Back To School For All
The 'back to school season' in the U.S. is like a holiday, celebrating education - and new backpacks. But for too many, celebrating education stops at graduation. Far too often, when classrooms become cubicles, K-12 becomes 9-5, and students become employees, that commitment to learning stops.
Today especially, when the speed of change is measured at the speed of light, workers must continually sharpen their skills and bolster their knowledge. And importantly, employers have to help. Companies need to ensure their workforce is the most innovative and productive it can be. Companies must make training and professional development a priority.
These aren't just anecdotes; the evidence agrees. The world is adopting new technology faster than ever. It took decades for the telephone to reach 50 percent of households. It only took five or so years for cellphones to do the same.
And just as quickly, job descriptions are becoming more demanding. The ability to employ big data, analytics, automation and even artificial intelligence is in high demand--but low supply. By 2018, the U.S. could face a shortage of 140,000 to 190,000 people with analytical skills as well as 1.5 million managers and analysts who can use big data in their decision-making.
In a rapidly changing marketplace, that's a crisis of qualification.
The solution? It starts in schools. Coding, STEM and computer science education must be a core curriculum in schools and colleges: for everyone. Women and minorities are underrepresented in STEM. That's something we need to change. To help, Infosys Foundation USA proudly funds and supports STEM initiatives, and computer science education across the U.S. However, technology changes so quickly that re-focused schooling isn't enough. Learning can't stop at graduation.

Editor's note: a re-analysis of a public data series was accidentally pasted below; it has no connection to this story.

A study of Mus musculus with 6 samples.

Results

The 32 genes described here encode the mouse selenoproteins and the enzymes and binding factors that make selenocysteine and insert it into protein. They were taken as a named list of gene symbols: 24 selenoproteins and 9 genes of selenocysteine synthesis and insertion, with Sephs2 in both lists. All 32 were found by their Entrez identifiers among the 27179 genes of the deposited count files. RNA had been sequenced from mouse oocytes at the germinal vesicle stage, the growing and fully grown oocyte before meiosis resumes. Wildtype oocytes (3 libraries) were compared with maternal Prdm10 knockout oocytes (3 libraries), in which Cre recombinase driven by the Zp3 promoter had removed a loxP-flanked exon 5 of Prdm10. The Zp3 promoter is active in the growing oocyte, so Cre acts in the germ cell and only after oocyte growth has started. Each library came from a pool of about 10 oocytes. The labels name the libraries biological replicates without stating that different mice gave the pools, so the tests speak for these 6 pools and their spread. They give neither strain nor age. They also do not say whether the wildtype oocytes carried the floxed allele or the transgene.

Just ask a doctor. Years and years of schooling and training aren't enough. There's always a new life-saving procedure or drug. After graduation, doctors don't surrender to educational complacency. They keep learning. It's a white coat and never a white flag.
All workers need that commitment to continual learning. All employers need it too.
Training and education have been priorities for Infosys for more than 30 years. It's a proud heritage that's made us one of the world leaders in corporate education.
And it all starts with our graduate training program. Through our 23-week residential training program, we help new hires transition from success in the academic world to success in the corporate world. Over 10 years, we've trained more than 100,000 engineers--all at the Mysore Infosys Global Education Center, one of the world's largest corporate universities in the world.
But training can't be constrained to a corporate campus any more than a college campus. So our social learning platform, Digital Tutor, brings learning online and allows us to tap into the Infosys expertise available across the world. The platform has more than 2,000 training videos on nearly 300 topics made by Infosys employees and made available to Infosys employees.
Beyond just a new skill, we train a new awareness. As part of our Zero Distance innovation program, every employee is expected to find ways to help our clients find new solutions to old--and new--problems. To assist, we've trained more than 100,000 people on Design Thinking, a problem-solving protocol that's like a reliable roadmap to innovation.
Altogether, our employees and our company work better because we make continual education a priority. A well-trained workforce is a heritage, not an accident.
Across the U.S., it's back to school season. As students and communities re-commit to education, employees and companies must too. In a world moving so fast, we can't stand still and expect to get ahead. Employers must make workforce training and development a priority, because workers trained for success will drive companies to success.
This back to school season, let's all commit to get back to learning.